Swami, guru to Woodstock generation, dies at 87
Los Angeles Times
The swami lived in Yogaville, Va., a 1,000-acre community he founded under the Blue Ridge Mountains near Charlottesville in 1979. He was in his native south India to address a peace conference when he died suddenly from a thoracic aneurysm, a Yogaville spokesman said.
Brought to America in 1966 by psychedelic artist Peter Max, the swami was part of a wave of Hindu teachers in the 1960s and '70s who found among the nation's youth a curiosity about Eastern mysticism, music and meditation.
He became known as the "Woodstock guru" after he opened that epochal music festival in 1969 by declaring music "the celestial sound that controls the whole universe."
He gradually shifted his base of operations from Sri Lanka to the United States and opened branches around the world of his Integral Yoga Institute.
Among his disciples are singer-composer Carole King, who donated 600 acres to his Virginia ashram, jazz pianist Alice Coltrane and actors Diane Ladd, Laura Dern and Sally Kirkland.
Another adherent is Dr. Dean Ornish, the best-selling author, who said the teachings of Swami Satchidananda inspired his research and program for reversing heart disease through diet and relaxation.
Born in Chettipalayamm in south India in 1914, Swami Satchidananda was the son of wealthy landowners. As a young man he worked in his uncle's auto-import business and learned welding. He also worked briefly in his native country's film industry as a cameraman and producer.
He married and had children. But when his wife of five years died, he began, at age 28, his spiritual journey. He traded his given name of Ramaswamy for Satchidananda, a name that meant "existence, knowledge, bliss."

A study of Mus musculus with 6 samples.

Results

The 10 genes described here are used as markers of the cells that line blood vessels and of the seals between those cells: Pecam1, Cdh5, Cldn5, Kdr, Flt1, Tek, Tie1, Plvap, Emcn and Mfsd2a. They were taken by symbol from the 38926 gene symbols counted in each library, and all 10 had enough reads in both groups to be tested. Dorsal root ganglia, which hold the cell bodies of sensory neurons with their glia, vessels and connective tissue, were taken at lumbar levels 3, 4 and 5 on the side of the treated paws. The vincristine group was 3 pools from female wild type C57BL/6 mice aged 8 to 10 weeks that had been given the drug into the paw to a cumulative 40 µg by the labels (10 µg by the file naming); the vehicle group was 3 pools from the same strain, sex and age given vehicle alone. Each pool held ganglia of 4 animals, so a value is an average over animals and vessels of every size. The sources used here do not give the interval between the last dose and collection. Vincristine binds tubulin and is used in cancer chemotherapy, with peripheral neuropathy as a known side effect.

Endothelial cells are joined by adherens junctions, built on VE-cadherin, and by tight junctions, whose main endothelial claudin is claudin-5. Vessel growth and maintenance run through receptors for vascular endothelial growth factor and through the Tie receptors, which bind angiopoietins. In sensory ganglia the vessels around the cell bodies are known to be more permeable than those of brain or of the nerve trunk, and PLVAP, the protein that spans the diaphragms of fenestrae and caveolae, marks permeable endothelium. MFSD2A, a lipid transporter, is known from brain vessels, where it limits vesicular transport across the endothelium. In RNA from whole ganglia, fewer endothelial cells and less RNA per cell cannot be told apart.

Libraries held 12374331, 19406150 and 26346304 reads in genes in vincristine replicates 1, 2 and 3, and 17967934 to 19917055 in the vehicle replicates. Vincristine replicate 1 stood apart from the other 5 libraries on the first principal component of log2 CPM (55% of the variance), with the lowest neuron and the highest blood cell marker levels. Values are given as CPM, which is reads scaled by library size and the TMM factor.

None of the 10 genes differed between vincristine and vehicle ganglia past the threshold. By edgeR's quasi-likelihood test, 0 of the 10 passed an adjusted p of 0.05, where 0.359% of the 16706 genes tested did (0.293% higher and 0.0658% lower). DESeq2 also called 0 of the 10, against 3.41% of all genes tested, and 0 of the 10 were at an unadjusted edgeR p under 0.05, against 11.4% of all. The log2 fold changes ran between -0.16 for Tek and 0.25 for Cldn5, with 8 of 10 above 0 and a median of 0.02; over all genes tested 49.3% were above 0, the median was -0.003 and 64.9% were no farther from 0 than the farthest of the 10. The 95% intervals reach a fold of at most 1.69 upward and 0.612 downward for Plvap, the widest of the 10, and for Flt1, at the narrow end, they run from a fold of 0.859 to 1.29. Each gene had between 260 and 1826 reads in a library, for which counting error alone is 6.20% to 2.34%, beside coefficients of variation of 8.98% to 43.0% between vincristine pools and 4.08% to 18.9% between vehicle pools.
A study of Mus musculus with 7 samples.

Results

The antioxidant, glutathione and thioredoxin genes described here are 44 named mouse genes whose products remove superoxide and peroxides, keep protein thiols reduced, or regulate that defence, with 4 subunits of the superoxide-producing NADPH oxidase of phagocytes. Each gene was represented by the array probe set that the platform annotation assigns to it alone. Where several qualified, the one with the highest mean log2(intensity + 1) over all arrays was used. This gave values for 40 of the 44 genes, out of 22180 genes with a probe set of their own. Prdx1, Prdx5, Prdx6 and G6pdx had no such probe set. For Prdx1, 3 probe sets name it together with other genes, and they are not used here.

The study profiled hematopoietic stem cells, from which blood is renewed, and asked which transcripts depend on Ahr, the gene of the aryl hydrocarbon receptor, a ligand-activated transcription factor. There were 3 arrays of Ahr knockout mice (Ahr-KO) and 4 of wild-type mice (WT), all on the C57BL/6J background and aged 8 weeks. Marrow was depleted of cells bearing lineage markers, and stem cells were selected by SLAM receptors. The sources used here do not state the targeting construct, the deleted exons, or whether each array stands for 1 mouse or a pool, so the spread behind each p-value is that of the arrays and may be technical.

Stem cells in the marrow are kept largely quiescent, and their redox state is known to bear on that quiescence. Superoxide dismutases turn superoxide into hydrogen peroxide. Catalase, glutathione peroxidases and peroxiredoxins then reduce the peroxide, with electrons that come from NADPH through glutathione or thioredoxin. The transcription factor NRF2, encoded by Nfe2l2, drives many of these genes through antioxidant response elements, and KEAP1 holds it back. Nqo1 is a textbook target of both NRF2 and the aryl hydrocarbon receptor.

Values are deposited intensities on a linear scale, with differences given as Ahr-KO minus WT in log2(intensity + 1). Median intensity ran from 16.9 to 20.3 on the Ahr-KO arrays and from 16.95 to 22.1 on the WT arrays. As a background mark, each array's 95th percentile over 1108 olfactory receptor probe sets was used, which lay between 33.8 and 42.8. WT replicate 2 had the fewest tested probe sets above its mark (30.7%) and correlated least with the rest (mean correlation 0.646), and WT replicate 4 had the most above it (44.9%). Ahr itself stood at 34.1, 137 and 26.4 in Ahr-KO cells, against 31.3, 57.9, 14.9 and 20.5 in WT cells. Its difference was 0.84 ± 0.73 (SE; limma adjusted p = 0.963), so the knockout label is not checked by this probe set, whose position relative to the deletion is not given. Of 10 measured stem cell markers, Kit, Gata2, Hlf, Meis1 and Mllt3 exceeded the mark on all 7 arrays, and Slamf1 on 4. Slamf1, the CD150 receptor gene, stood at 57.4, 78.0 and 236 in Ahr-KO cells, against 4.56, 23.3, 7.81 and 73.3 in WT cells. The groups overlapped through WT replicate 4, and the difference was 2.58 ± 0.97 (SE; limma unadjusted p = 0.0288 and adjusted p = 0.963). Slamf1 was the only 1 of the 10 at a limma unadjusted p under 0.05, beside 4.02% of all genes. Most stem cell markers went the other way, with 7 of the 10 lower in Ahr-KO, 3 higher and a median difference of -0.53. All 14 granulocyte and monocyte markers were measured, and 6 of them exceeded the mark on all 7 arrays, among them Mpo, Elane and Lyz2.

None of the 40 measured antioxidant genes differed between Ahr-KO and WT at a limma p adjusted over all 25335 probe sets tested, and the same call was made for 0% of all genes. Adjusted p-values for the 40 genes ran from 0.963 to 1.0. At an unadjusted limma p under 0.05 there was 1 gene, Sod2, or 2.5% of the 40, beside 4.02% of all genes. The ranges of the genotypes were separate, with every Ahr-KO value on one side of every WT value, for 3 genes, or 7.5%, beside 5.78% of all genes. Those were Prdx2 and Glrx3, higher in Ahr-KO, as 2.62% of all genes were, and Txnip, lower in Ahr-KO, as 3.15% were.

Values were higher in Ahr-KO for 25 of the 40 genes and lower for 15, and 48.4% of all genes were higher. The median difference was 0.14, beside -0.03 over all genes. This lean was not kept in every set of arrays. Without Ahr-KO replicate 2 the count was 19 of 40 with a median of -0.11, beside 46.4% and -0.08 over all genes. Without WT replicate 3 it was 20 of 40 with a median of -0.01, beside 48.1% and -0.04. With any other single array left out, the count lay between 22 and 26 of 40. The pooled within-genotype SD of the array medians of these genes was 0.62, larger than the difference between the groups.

He studied with some of India's greatest sages, adopting Swami Sivananda as his guru in 1949. He left four years later for Sri Lanka, where he opened a branch of Sivananda's organization, the Divine Life Society. He remained for several years, opening an orphanage and medical clinic and joining a movement to welcome untouchables to Hindu temples.
His Integral Yoga teaches Hatha Yoga and other methods, as well as meditation, chanting and cleansing practices.
He reached a massive audience in 1969, in a cow pasture in the Catskills when, sitting on a stage that would be shared by Jimi Hendrix, Janis Joplin and The Grateful Dead, the holy man challenged the throngs to use "the sacred art of music" to bring peace to the globe.
He attracted a celebrity following that included Mia Farrow and George Harrison. Some of his students became yoga teachers, such as King and Kirkland, who has taught Bob Dylan, Elia Kazan and Robert De Niro.
"He was very, very playful, which is why so many celebrities enjoyed being with him," said Nirmala Heriza, a longtime devotee who directs the Integral Yoga Center of Los Angeles as well as a hospital rehabilitation program for heart patients based on the swami's precepts.
"If you met him today you would feel you were in the presence of a 12-year-old," Kirkland said. "He had such innocence and joy and a hysterical sense of humor."
The swami's slogan was "Truth Is One, Paths Are Many."
"Read the Bible, read the Koran, read the Torah, the Upanishads, the Bhagavad Gita," the ecumenical guru said. "They all say: Refine yourself. Get out of these definitions. It's the definitions that divide us."
An estimated 1,500 mourners attended his funeral in Yogaville on Thursday. He will be entombed in a sarcophagus beneath a statue of his likeness.